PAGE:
I am half way through a best selling novel and I must pause to reflect. I remember when I strictly read for enjoyment; when I did not care where the story went as long as I was entertained.
Apparently those days are over. When I crossed over that line from reader to writer, something happened to my reader radar. Not intentionally, but now I critique every book I read.
In this particular best seller, I would have quit reading eleven chapters ago if this was not a book club read that I need to discuss next month. Without naming the novel, it took until chapter thirteen to reveal the plot. For twelve chapters I kept trying to figure out why and where was this story going. There appeared to be no goal for the protagonists, no motivation to do anything and no conflict.
I must confess. I had to find out how this author got away with this gross error in our unwritten laws of writing. The answer is: wait for it, it is his fourth book. He obviously had a book deal. I can not imagine any new writer getting a chance in hell with a book that actually begins on chapter thirteen. True, the writer is witty, and outrageous enough to make for good conversation, but seriously? Thirteen chapters in?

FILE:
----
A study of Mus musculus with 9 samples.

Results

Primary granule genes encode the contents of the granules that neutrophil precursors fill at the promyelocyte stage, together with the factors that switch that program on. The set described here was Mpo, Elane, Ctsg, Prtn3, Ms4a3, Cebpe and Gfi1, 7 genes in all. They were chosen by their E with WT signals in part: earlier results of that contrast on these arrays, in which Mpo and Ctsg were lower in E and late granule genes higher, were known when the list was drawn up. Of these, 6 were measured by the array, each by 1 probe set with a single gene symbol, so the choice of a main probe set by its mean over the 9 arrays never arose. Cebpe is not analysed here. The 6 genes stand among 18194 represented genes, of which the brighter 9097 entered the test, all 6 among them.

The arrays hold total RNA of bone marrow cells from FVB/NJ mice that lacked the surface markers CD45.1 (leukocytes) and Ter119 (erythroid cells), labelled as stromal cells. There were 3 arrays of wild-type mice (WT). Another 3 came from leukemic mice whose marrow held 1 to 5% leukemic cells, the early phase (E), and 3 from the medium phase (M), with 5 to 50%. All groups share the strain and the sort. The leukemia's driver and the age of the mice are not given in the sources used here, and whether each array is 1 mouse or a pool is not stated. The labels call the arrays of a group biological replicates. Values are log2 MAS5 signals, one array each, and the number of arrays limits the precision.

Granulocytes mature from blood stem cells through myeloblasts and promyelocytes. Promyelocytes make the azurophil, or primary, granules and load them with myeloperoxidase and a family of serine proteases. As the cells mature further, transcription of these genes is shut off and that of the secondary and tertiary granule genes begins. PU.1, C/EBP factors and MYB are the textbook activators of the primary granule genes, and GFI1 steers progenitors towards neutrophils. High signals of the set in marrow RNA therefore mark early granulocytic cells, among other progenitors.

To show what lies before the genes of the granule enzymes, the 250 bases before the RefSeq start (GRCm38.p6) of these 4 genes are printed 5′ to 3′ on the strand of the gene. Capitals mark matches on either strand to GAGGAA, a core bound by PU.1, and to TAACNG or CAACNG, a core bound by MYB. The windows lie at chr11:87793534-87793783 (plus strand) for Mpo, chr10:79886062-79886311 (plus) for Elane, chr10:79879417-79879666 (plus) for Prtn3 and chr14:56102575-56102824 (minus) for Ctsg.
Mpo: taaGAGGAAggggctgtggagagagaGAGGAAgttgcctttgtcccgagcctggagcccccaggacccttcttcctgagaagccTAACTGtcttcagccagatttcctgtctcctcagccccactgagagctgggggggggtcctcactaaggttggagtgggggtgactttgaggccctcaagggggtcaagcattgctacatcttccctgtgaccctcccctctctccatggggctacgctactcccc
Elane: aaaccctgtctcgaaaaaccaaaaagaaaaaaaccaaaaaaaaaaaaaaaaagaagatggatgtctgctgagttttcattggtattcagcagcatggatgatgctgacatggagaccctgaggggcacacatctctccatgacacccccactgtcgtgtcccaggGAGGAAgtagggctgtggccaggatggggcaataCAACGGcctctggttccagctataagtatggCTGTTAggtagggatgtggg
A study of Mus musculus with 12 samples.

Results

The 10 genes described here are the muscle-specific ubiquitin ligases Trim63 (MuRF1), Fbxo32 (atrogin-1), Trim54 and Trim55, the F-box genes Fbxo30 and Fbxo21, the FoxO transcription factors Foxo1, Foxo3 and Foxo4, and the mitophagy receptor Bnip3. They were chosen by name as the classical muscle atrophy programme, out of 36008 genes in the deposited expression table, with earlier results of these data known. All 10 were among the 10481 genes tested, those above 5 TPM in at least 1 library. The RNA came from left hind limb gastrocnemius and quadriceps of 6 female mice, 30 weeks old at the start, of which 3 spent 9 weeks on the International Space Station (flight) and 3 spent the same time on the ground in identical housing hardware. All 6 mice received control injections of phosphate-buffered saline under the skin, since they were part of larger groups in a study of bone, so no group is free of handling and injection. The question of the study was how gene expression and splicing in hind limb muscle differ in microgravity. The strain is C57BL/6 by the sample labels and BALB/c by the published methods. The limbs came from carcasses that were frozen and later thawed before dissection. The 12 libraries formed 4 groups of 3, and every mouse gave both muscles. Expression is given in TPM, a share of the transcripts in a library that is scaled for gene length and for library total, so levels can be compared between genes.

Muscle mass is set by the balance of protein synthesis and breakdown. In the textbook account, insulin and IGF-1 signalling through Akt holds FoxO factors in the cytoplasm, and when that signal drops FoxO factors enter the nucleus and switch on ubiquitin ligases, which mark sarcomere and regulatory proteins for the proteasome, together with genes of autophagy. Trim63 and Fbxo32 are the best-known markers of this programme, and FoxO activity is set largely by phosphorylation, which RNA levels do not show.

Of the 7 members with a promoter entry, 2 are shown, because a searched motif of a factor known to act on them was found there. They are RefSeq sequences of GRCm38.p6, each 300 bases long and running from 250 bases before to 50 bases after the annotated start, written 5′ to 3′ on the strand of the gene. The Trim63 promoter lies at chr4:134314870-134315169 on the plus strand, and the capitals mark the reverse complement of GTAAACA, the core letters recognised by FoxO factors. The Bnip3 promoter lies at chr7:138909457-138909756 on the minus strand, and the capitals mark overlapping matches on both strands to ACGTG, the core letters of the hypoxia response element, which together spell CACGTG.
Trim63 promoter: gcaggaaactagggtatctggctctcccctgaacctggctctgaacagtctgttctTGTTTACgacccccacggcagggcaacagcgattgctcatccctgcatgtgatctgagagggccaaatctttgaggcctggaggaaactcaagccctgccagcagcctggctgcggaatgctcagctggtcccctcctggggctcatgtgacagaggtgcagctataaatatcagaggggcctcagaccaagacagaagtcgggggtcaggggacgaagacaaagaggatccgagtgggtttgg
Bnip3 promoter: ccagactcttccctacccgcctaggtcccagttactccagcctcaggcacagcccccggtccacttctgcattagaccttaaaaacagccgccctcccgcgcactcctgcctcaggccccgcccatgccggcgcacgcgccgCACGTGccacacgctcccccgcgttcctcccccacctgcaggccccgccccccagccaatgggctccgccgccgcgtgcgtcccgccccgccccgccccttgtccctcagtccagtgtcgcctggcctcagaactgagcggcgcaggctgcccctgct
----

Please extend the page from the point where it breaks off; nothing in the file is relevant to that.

The other thing I noticed were the forty five word sentences. What? So much for the test of a proper length of a sentence being if you can read it aloud without taking a breath.
This is one of those cases where once you are established you can break all the rules. For my fellow authors, has writing ruined you from strictly enjoying a book without picking it apart? Do rules broken jump off the page at you? Or am I perhaps just a bit jealous that others can get away with what I can not. I would love to hear from you.